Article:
To skateboarding aficionados, the late Jay Adams was known as the "original seed," one of the most influential skaters in history. But Adams, who died of an apparent heart attack at age 53 on Thursday, also transcended the world of skateboarding by way of the silver screen.
Growing up in a sketchy corner of Venice in the 1970s, Adams became one of the original members of the pioneering Zephyr skateboarding team whose story was chronicled in the documentary "Dogtown and Z-Boys" in 2001 and the biopic "Lords of Dogtown" in 2005.
Directed by fellow Z-Boy Stacy Peralta, "Dogtown and Z-Boys" recounts how he, Adams and their pals helped put skateboarding on the map with stylish, fluid, surfing-inspired moves honed in the banked playgrounds and empty pools of drought-stricken Southern California.
"Dogtown" emerged as a breakout hit at the
As it has with subcultures from spelling bees to backup singers, the documentary format helped put skater culture on the map for a mainstream that might have forgotten or not known about it. In a measured but positive review for The Times, Kenneth Turan wrote, "'Dogtown' is at its dramatic best with mini-profiles of its two biggest names, Adams and [Tony] Alva. The Adams segment especially, which shows the most naturally gifted of the Z-Boys regretful about the bad choices he made in his life, provides the kind of thoughtful introspection this film could have used a lot more of."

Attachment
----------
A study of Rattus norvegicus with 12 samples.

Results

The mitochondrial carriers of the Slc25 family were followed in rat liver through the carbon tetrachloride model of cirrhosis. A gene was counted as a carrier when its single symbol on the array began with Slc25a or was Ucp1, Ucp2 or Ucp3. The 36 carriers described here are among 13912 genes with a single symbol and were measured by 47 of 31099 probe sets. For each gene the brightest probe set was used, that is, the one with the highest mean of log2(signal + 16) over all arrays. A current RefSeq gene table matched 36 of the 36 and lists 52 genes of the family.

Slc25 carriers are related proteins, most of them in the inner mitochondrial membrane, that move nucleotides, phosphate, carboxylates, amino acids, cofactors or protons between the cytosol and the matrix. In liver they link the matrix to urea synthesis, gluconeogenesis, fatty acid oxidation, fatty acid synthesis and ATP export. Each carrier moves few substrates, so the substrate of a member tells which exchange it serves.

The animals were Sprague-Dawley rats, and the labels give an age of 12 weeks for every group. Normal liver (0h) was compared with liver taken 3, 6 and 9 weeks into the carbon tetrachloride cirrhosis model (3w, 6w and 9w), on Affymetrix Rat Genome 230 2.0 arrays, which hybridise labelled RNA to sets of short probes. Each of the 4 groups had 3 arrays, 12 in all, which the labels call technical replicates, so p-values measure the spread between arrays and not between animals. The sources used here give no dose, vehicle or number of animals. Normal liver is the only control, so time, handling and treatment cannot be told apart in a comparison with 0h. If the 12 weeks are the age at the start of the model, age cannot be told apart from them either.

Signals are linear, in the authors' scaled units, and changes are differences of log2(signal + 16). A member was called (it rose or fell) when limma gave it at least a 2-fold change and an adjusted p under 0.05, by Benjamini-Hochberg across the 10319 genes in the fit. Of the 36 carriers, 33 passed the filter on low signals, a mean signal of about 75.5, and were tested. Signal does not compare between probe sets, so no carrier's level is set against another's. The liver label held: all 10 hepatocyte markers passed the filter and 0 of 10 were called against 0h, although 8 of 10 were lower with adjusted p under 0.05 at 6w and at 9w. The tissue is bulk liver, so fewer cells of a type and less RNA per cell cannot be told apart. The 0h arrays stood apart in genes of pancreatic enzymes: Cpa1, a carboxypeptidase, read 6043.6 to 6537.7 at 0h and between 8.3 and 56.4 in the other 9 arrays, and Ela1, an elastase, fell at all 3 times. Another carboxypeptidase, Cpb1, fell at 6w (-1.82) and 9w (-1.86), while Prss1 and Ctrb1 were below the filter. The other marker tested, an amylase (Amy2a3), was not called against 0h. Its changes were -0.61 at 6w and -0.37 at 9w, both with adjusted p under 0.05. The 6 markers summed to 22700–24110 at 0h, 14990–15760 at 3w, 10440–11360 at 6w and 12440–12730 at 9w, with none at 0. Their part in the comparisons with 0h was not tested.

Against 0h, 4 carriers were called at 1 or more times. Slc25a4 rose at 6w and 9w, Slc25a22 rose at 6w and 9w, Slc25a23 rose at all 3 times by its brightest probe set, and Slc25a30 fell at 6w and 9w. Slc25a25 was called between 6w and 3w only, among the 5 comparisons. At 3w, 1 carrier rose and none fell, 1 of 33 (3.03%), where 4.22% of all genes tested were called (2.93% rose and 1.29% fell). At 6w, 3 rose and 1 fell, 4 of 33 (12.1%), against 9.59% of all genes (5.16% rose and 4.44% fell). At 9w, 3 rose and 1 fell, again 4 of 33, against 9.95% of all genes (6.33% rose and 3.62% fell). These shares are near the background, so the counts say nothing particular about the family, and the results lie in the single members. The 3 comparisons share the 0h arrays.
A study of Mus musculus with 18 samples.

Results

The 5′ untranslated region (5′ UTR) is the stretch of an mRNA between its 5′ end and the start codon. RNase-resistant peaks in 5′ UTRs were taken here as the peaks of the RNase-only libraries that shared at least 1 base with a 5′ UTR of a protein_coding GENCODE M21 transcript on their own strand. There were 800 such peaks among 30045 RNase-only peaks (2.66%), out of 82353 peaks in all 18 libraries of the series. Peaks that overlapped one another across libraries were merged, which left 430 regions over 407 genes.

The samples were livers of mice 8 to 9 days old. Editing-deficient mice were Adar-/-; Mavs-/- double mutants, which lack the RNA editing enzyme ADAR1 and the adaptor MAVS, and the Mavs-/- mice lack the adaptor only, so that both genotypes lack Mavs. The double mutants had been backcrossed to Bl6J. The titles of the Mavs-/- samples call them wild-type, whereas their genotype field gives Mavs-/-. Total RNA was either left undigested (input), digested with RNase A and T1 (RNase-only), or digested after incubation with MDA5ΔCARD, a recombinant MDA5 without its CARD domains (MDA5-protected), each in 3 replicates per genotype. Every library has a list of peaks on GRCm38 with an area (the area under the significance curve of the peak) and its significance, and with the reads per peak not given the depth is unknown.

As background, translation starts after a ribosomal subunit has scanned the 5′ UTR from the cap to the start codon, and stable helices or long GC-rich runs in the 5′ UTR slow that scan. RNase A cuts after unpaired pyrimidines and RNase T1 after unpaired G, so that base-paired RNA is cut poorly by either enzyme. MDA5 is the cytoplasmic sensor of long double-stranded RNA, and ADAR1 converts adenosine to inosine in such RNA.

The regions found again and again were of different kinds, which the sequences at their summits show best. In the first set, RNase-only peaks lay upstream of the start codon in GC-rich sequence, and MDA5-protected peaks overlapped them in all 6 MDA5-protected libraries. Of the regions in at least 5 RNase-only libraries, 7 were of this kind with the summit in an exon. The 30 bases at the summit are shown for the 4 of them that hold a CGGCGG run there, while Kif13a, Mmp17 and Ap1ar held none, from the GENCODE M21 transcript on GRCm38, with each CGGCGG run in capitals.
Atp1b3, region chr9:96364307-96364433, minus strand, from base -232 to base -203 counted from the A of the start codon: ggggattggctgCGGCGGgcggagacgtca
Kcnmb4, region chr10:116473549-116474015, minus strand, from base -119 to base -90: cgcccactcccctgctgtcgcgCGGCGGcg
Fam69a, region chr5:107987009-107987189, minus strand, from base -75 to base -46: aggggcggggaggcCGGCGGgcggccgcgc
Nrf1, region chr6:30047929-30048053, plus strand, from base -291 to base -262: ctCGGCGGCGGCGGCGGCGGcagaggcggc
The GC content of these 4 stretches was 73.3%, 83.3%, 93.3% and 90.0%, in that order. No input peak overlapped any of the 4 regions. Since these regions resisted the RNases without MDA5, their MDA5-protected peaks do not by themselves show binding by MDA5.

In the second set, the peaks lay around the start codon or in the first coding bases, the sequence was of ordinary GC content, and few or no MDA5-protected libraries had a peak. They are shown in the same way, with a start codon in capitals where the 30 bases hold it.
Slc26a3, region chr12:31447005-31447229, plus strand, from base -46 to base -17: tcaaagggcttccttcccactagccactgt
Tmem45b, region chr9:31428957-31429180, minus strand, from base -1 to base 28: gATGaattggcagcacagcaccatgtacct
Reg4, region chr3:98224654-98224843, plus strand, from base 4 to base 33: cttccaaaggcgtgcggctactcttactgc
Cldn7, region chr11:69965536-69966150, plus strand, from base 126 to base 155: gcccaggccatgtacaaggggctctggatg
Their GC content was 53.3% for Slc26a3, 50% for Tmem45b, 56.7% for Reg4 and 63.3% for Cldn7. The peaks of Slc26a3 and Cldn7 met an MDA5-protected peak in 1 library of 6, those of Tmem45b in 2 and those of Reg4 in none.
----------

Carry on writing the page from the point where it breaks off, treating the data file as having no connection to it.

Peralta would revisit the story of the Z-Boys as the screenwriter of "Lords of Dogtown," a narrative film directed by Catherine Hardwicke. Emile Hirsch gave a well-regarded performance as Adams, but unlike its documentary predecessor, "Lords" met with mixed reviews and underperformed at the box office.
Shortly after Adams died, Hirsch tweeted: "We lost a true wild man with the passing of Jayboy. Jay Adams was a legend who will be missed."